Beatle's posthumous image shaped by selective memory


October 07, 1990|By J. D. Considine | J. D. Considine,Sun Pop Music Critic

Think of John Lennon, and a flood of images comes to mind: Beatle John, standing on stage with a sly smile or dropping sly non sequiturs at an airport press conference; Hippie John,in long hair and granny glasses; Anti-War John, holed up in bed with Yoko Ono and several dozen members of the press, singing "Give Peace a Chance"; House-Husband John, baking bread and playing with his infant son, Sean.

Still, the one image that refuses to materialize is that of John Lennon at 50.

Granted, it's not something any of us will ever see. Mark David Chapman saw to that, one cold December night 10 years ago in the shadows outside New York's Dakota Apartments.

But time marches on, even if Lennon does not, and what would have been his 50th birthday on Tuesday will mark a celebration of sorts for millions of Beatle fans across the globe. There have already been a host of commemorative concerts, including a hometown show in Liverpool which featured a performance of Lennon songs by fellow Beatle Paul McCartney. And for you stay-at-homes, there's "Lennon," an extravagant 74-song, four-CD boxed set including live recordings, studio rarities and a lavish, 96-page booklet.

Moreover, at 10 a.m. Tuesday Lennon confidant Elliot Mintz -- host of the long-running radio program "The Lost Lennon Tapes" -- has organized a worldwide simulcast of "Imagine." Broadcast by satellite to some 50 nations around world -- WGRX-FM (100.7 MHz) will pick up the transmission locally -- the song will be preceded by a speech to the United Nations by Lennon's widow, Yoko Ono. As Mintz imagines it, people will be able to walk down "any sidewalk in the world and hear the song."

Imagine all the people, listening in harmony while somewhere, up in heaven, John Lennon looks down and chuckles, "Well, that ought to sell a few records!"

Irreverent? Maybe.

Out of character? Hardly. After all, he was a man who gauged his JTC whole life in the terms of pop stardom, a man who once returned his M.B.E. (an honor awarded to notable Britons) in protest over England's involvement in Biafra, America's involvement in Vietnam "and against 'Cold Turkey' slipping down the charts." John Lennon understood all too well that fame was a joke that cut both ways.

We might see him as a hero, a martyr, an icon, a Beatle. But to himself, he was, as he once told an interviewer, "just Lennon." Not "Lennon-and-McCartney."

"Lennon and McCartney and the Beatles don't exist," he told Playboy's David Sheff in 1980, "and can never exist again. John Lennon, Paul McCartney, George Harrison, and Richard Starkey [Ringo Starr] could put on a concert, but it can never be the Beatles singing 'Strawberry Fields' and 'I Am the Walrus' again. We can not be that again. . . ."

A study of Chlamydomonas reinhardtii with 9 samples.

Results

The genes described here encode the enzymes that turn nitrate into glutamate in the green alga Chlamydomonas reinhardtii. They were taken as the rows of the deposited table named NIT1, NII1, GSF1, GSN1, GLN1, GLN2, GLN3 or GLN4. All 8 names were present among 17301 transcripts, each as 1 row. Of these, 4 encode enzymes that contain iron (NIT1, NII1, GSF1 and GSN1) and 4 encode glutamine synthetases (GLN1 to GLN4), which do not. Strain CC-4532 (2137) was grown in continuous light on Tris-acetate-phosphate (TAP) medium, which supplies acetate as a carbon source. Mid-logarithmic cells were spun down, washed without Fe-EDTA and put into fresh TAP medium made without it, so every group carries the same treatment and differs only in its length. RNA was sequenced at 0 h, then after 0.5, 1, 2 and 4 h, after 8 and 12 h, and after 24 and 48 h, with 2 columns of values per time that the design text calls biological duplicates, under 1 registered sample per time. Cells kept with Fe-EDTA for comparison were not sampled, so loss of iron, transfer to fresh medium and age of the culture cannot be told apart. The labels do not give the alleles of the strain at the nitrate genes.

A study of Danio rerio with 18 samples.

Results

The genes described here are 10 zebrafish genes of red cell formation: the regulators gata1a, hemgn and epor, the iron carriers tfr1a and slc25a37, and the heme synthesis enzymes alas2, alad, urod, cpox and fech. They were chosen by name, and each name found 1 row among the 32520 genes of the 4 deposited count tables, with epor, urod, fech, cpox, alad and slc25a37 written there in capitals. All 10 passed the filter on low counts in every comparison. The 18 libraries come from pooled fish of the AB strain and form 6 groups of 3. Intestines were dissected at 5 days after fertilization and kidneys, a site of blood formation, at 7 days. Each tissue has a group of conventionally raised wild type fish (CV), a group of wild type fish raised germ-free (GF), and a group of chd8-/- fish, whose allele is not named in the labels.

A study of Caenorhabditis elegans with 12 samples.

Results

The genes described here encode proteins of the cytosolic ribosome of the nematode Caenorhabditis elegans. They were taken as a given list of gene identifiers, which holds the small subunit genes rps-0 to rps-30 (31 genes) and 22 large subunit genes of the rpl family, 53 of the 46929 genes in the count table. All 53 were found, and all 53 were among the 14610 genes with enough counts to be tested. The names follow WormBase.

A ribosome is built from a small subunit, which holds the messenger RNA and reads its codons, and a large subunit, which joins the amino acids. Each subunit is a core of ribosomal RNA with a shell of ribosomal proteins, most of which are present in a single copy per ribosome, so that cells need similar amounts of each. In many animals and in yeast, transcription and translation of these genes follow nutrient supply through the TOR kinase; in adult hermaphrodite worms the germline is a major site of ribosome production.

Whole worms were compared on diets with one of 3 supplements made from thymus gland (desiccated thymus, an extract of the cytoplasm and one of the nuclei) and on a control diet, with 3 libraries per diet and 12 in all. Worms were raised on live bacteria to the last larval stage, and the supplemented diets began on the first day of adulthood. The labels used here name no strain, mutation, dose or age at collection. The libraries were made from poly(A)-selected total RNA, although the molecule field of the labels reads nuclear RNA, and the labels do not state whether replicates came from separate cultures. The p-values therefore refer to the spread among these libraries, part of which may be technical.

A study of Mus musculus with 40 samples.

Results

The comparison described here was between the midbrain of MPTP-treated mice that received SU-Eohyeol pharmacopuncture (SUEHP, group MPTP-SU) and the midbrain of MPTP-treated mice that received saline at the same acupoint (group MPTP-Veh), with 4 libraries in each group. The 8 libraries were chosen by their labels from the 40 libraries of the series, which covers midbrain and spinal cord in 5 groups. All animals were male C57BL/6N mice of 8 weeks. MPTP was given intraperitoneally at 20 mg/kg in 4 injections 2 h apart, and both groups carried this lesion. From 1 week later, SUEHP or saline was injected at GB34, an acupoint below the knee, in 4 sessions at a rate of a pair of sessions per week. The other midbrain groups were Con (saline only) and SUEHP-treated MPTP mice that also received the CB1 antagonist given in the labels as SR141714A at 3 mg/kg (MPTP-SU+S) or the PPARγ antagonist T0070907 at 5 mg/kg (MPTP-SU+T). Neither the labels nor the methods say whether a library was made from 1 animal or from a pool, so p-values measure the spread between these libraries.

That was the sound of a working musician, one with little use for nostalgia because he had (he thought) a whole life ahead of him. Death, though, has changed that, and not just in the most obvious way, either. Robbed of his future, Lennon has become a creation of his past, a figure whose impact, meaning and importance have been shaped, over the last decade, by wish-fulfillment and selective memory.

Hence, St. John, that curiously un-Lennonesque character whose life appears to have been a cross between clever clowning (a la "A Hard Day's Night") and earnest proselytizing (a la "Gandhi").

Forget the acrid sarcasm of "Working Class Hero," the morbid self-pity of "Jealous Guy" or the snarling vituperation of "How Do You Sleep"; that's not how we want to remember him. What St. John of the Beatles brought us were lovely, uplifting numbers, songs like "Imagine," "Give Peace a Chance," "Happy Xmas (War Is Over)" and, of course, "I Am the Walrus," "Nowhere Man" and "Strawberry Fields Forever."

Naturally, trailing along behind St. John were the doubters and disbelievers, the professional cynics who complained that Lennon was a louse, a fraud, a wife-beater and lush. Albert Goldman, something of an old hand at sullying the reputations of the dead, even went so far as to question Lennon's sexual preferences. Strangely enough, though, the louder they cavilled, the brighter the legend shone.

In fact, such was the weight of the myth that eventually even Paul McCartney cracked under the strain, snapping to an interviewer that, in real life, Lennon could be "a maneuvering swine." Quoth Paul, "Now since his death he's become Martin Luther Lennon. . . . He wasn't some sort of holy saint!"

True enough. Then again, neither was he Paul McCartney, happily churning out album after album of tuneful piffle. In some respects, McCartney was the more successful of the team; "Yesterday," for instance, is the most-played song of the postwar era, and very definitely a Paul tune. But it's also the Beatle song most likely to crop up on the elevator-music stations, and that's the problem.